Potential Topical Treatments for IBS

As I’ve been writing a lot about lately, I’ve been waking up at strange hours of the night, with really bad abdominal pain. This abdominal pain is also commonly accompanied by low back and hip pain. I have no doubt that these pains can at least be partially attributed to IBS.

Alternative treatments for IBS

When you’ve had IBS and other chronic illnesses that also cause pain as long as I have had them, you begin to get innovative in dealing with them. You also build up an arsenal of go-to treatments, that can vary dependent on the given scenario. In addition to my mainstream strategies for managing IBS – such as diet, keeping my stress levels low, and supplementing with probiotics and soluble fiber – I also use other out-of-the-box methods as well. For instance, I sometimes use a TENS machine on my abdomen. Or, I massage tight trigger points in my legs and have found that can alleviate some symptoms of my IBS.

Applying oils and creams to my belly

However, one thing I also use that has been occasionally helpful is applying topical ointments and creams on my lower belly. I have several types: arnica oil, calendula gel, cramp bark cream, and stain-free Tiger Balm (which has methol and camphor in it). I like to massage one or more of these onto and into my abdomen – as well as the adjacent troubled areas of my low back and hips. Most recently, I’ve been using a CBD-and-THC-infused lavender massage ointment. For extra healing, I tend to then place a heating pad over my abdomen after the ointment has absorbed into my skin to enable deeper penetration into my muscles. I find heat offers the added benefit of helping ease the tension in my muscles and therefore can help eliminate or at least reduce cramping. And when my muscles are more relaxed and not in the process of cramping, I am less likely to have an IBS flare.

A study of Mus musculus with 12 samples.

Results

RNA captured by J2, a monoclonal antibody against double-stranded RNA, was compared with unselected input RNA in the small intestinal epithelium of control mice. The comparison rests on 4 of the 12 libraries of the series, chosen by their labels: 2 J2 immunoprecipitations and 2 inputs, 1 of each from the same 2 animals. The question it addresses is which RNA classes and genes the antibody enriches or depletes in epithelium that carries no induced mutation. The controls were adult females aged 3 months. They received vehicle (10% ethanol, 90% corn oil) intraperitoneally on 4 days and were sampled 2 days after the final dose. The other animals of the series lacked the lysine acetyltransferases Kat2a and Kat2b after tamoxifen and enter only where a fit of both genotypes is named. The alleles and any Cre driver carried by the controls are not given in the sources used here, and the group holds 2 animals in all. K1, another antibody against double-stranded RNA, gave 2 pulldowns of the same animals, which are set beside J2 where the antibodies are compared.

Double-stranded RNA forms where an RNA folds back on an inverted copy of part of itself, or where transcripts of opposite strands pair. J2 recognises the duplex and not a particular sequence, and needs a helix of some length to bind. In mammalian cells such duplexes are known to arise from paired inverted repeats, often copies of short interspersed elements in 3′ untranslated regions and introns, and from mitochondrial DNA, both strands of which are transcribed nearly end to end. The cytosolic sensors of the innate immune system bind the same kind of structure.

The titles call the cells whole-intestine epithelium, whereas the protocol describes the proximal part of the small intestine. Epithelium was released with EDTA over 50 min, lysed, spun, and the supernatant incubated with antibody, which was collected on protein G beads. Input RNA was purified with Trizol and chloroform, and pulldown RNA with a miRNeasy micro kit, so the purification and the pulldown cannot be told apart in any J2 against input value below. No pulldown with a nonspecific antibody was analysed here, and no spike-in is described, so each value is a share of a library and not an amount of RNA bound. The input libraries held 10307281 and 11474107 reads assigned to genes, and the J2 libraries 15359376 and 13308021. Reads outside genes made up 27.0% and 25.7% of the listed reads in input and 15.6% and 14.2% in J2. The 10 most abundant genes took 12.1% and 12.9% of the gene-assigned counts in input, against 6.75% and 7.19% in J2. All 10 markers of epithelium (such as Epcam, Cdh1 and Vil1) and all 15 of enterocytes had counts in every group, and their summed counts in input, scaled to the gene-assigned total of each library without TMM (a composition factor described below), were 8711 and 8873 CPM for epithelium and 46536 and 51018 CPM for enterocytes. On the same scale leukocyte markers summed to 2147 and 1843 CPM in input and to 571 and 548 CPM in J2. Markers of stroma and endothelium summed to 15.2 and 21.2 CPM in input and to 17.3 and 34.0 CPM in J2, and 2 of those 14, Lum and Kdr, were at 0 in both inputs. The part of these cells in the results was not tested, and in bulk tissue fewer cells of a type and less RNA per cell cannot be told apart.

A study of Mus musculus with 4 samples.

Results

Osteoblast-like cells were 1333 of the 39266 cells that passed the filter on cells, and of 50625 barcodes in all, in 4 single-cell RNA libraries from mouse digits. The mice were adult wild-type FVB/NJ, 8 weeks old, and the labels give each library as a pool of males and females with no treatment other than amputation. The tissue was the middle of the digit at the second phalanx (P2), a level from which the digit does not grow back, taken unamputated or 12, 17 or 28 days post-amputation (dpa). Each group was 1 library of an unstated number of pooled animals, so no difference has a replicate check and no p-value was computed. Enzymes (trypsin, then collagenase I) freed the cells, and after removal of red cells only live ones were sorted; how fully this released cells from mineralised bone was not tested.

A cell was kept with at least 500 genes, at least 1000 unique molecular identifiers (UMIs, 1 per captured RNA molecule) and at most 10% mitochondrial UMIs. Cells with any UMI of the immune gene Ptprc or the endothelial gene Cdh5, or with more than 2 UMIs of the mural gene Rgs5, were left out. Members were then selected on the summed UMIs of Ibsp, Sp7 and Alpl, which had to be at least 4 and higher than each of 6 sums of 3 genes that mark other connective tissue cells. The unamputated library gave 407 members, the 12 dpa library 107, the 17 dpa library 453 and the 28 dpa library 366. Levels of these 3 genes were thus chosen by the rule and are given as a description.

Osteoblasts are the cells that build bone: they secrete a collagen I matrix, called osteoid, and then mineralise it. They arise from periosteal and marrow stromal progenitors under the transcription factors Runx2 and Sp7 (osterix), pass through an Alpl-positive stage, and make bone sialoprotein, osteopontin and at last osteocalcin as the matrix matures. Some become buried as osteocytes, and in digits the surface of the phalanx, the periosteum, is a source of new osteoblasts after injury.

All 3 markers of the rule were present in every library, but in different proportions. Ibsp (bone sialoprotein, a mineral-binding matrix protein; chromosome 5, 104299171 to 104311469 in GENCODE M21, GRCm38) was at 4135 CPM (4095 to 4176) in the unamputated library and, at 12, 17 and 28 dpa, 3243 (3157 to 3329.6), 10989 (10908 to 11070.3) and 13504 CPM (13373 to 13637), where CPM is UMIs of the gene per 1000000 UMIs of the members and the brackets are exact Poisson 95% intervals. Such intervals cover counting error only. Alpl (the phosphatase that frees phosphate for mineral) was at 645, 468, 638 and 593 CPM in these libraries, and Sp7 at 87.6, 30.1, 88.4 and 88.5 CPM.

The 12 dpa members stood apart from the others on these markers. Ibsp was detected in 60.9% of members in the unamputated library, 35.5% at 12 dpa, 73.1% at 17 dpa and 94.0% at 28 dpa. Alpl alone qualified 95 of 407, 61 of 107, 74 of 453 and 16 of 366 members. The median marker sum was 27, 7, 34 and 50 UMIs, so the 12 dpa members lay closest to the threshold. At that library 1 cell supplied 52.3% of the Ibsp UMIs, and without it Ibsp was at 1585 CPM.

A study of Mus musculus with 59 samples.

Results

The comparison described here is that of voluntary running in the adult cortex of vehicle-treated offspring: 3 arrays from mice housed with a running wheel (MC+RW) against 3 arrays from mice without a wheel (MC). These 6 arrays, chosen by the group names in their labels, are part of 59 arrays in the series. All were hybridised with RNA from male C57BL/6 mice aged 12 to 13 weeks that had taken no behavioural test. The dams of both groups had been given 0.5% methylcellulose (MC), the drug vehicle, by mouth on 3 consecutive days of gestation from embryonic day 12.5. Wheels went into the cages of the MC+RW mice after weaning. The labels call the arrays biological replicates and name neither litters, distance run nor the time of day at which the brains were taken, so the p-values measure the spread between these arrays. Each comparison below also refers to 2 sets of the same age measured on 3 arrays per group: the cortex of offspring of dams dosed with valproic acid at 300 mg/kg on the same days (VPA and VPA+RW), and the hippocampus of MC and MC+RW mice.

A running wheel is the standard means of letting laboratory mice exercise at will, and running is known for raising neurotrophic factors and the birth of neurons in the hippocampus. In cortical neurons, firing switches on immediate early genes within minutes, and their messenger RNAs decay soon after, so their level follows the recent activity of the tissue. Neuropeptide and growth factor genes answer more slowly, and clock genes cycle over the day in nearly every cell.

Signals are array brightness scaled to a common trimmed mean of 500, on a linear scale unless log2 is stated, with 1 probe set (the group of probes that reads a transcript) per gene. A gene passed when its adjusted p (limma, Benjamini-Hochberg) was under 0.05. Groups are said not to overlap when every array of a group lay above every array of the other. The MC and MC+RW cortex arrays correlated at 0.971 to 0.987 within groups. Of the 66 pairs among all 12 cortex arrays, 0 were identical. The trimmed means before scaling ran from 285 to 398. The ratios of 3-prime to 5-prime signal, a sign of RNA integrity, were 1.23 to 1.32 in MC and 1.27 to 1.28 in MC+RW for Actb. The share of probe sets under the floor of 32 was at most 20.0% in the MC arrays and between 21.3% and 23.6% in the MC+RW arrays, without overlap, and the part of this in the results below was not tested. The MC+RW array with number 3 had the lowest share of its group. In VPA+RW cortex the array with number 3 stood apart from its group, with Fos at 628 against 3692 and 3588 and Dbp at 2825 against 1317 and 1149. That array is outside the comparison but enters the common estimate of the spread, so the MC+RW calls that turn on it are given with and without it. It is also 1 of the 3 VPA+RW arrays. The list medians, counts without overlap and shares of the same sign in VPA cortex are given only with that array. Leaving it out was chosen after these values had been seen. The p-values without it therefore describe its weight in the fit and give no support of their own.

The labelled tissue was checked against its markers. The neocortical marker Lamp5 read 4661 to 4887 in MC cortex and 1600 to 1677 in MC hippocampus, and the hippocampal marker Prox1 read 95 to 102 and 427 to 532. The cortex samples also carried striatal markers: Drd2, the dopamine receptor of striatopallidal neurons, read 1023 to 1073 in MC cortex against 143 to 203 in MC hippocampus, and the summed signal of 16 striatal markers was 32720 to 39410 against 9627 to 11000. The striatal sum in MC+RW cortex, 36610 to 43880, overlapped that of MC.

Massages with oils and creams

Depending on how my belly is feeling, sometimes my massages will be rather light, other times if it feels safe to do so, I may apply more pressure. Overall, I find it really soothing and so it is in my artillery for dealing with IBS when I am home and have these products on hand. I also use this method for other parts of me (ie, legs, back, neck, etc.) that get tight and experience spasms, so it’s a good overall treatment that can be applied to many parts of the body.

Have you ever tried topical treatments on your abdomen and/or low back to help quell cramps and muscle spasms often associated with IBS? Has it helped? Please feel free to share your experiences with us!

This article represents the opinions, thoughts, and experiences of the author; none of this content has been paid for by any advertiser. The IrritableBowelSyndrome.net team does not recommend or endorse any products or treatments discussed herein. Learn more about how we maintain editorial integrity here.